Case-Evenson to lead Wilson Elementary

Through high school and college, Ranae Case-Evenson found herself working with children and enjoyed bringing out the best in people. Entering the field of education seemed to be a natural thing to do, her “path.” Now Case-Evenson, the former principal of Eisenhower Elementary School, finds her path bringing her back to the Anoka-Hennepin School District to serve as the principal of Wilson Elementary School.

Ranae Case-Evenson is the new principal at Wilson Elementary.

Ranae Case-Evenson is the new principal at Wilson Elementary.

A native of Fairfax in western Minnesota, Case-Evenson earned her undergraduate degree in teaching at Winona State University, graduate degree in teaching and learning and secondary education at Minnesota State University – Mankato and completed her administrative licensure work at St. Mary’s University.

Case-Evenson’s first job was at St. Andrew’s Catholic School in her hometown of Fairfax. St. Andrew’s is a small school and Case-Evenson was able to teach every grade level and content area. She said it was a great way to get a good grasp of all curriculum areas and see students at all ages.

From Fairfax, Case-Evenson moved into teaching English and social studies to fifth-, sixth- and seventh-grade students in the Gibbon-Fairfax-Winthrop (GFW) School District. She then taught sixth- and seventh-grade reading and social studies in the Jordan School District.

Case-Evenson made the decision to go into administration because it seemed like a logical step for her. It’s a role she’s enjoyed because of the different people she works with.

“As a principal, you get to work with kids, parents, the community, the teaching staff and other principals,” she said. “I’m a people person, so being able to expand the group of people who work together to help kids is very rewarding.”

Case-Evenson’s first job as a principal was at the elementary school in the Springfield School District, which is located west of New Ulm. In that position, Case-Eveson also worked as the K-12 district assessment coordinator, with federal grants and Title funding, and oversaw staff development as well as curriculum.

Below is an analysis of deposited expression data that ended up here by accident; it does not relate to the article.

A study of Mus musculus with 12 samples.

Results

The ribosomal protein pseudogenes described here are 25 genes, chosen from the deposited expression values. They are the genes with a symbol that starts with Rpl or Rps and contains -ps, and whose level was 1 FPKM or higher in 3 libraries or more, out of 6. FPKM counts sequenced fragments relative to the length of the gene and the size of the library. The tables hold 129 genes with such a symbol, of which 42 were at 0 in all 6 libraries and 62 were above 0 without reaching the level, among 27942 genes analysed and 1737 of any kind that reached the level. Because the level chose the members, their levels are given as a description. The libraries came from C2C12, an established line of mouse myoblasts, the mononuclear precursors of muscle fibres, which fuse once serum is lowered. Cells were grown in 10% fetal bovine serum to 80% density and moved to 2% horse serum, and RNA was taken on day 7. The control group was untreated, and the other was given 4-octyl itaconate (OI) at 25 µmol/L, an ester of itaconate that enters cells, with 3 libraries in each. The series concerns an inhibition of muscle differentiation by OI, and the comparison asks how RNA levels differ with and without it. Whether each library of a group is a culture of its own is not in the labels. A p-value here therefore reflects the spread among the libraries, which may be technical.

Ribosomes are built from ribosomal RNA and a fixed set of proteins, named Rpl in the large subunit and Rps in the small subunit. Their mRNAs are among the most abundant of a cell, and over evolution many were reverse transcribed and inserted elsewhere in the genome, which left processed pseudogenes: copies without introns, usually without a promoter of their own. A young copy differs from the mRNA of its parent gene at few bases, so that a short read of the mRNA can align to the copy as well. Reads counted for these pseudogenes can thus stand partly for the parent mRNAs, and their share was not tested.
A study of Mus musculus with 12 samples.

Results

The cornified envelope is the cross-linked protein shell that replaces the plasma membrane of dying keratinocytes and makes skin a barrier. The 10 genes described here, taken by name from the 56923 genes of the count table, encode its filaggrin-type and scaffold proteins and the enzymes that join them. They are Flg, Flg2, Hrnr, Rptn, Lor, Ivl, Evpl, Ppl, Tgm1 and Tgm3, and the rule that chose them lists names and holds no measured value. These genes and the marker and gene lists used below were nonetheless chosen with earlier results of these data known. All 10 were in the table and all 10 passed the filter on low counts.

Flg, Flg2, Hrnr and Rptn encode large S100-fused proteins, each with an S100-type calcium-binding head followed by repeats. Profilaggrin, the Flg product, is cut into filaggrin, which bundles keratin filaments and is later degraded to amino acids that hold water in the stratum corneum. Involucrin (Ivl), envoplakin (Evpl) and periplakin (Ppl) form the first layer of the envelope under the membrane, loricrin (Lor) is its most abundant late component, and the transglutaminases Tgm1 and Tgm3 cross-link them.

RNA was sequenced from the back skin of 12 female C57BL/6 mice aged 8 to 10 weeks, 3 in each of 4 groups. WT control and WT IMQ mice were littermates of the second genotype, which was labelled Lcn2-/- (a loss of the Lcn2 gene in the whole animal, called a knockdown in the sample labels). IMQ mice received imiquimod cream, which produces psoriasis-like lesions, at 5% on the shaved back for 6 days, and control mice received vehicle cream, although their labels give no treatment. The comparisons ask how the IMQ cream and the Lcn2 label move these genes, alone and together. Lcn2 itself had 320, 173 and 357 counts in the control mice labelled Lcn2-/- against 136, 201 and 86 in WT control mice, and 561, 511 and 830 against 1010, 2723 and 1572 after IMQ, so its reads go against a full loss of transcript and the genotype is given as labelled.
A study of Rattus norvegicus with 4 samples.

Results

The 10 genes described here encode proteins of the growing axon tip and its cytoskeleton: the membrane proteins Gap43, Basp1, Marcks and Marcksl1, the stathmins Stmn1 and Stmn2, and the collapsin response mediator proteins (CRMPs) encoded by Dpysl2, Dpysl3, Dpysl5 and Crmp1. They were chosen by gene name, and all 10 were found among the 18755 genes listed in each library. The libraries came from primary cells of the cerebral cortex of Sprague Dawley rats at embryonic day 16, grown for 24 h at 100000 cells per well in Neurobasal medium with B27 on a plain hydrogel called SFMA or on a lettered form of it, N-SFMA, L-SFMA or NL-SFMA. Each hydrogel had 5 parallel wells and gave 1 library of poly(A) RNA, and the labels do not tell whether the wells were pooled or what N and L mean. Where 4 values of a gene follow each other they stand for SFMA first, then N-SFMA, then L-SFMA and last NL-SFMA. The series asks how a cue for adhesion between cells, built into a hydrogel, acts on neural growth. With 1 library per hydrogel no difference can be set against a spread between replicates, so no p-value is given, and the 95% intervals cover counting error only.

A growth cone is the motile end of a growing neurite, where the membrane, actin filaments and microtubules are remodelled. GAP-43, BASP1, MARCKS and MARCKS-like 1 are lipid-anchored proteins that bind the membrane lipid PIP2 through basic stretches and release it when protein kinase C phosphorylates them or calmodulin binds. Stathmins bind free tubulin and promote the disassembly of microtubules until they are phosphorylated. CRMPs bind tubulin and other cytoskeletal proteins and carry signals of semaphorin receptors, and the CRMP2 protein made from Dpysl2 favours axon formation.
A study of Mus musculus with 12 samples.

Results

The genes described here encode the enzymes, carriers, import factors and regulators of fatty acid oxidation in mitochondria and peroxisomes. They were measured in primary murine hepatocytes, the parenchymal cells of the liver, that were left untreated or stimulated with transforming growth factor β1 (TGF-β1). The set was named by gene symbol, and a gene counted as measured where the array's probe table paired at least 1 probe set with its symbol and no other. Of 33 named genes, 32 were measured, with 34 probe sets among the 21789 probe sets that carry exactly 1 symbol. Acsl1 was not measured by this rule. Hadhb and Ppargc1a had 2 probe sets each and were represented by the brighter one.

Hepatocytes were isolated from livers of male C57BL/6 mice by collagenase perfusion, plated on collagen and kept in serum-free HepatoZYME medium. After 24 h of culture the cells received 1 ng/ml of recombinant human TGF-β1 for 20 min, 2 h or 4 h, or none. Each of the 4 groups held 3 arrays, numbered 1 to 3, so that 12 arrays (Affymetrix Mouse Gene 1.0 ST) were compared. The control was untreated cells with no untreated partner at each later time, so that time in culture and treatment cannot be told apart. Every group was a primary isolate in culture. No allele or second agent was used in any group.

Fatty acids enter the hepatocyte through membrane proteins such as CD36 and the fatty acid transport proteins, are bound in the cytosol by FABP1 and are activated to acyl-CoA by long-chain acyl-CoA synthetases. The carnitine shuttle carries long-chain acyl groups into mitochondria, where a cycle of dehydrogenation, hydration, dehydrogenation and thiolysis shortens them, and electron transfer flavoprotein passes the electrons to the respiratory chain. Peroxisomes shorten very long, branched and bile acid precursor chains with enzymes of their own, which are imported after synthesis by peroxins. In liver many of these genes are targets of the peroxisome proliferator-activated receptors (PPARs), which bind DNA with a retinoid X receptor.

“It was a very busy job, but it was good training,” Case-Evenson said.

In 2009, Case-Evanson was named the principal at Eisenhower Elementary School. When several schools were closed at the end of the school year, staff changes were made, Case-Evenson left the district and was named principal at Horace May Elementary School in Bemidji.

In addition to being a K-5 school, Horace May is the site of the district’s programs for students with emotional/behavioral disorders (EBD) and developmental cognitive disabilities (DCD), and Case-Evenson was in charge of all pre-K–5 early childhood special education (ECSE) programs.

“Part of the reason that wearing multiple hats doesn’t faze me is because my training as a teacher was to teach multiple things to multiple levels,” Case-Evenson said. “I am accustomed to taking a look at the best parts of a program and building on it. I’ve had many experiences that have played into my strengths; it’s been a gift.”

Case-Evenson had not wanted to leave the Anoka-Hennepin School District and she’s glad to be back.

“I’ll cherish my time in Bemidji and it was a great school district, but it was so far from family,” she said. “And Anoka-Hennepin felt like a good fit the first time around. When the opportunity to come back presented itself I had to jump on it. The principals, teachers and communities here are amazing. It feels really good to be back and be part of that.”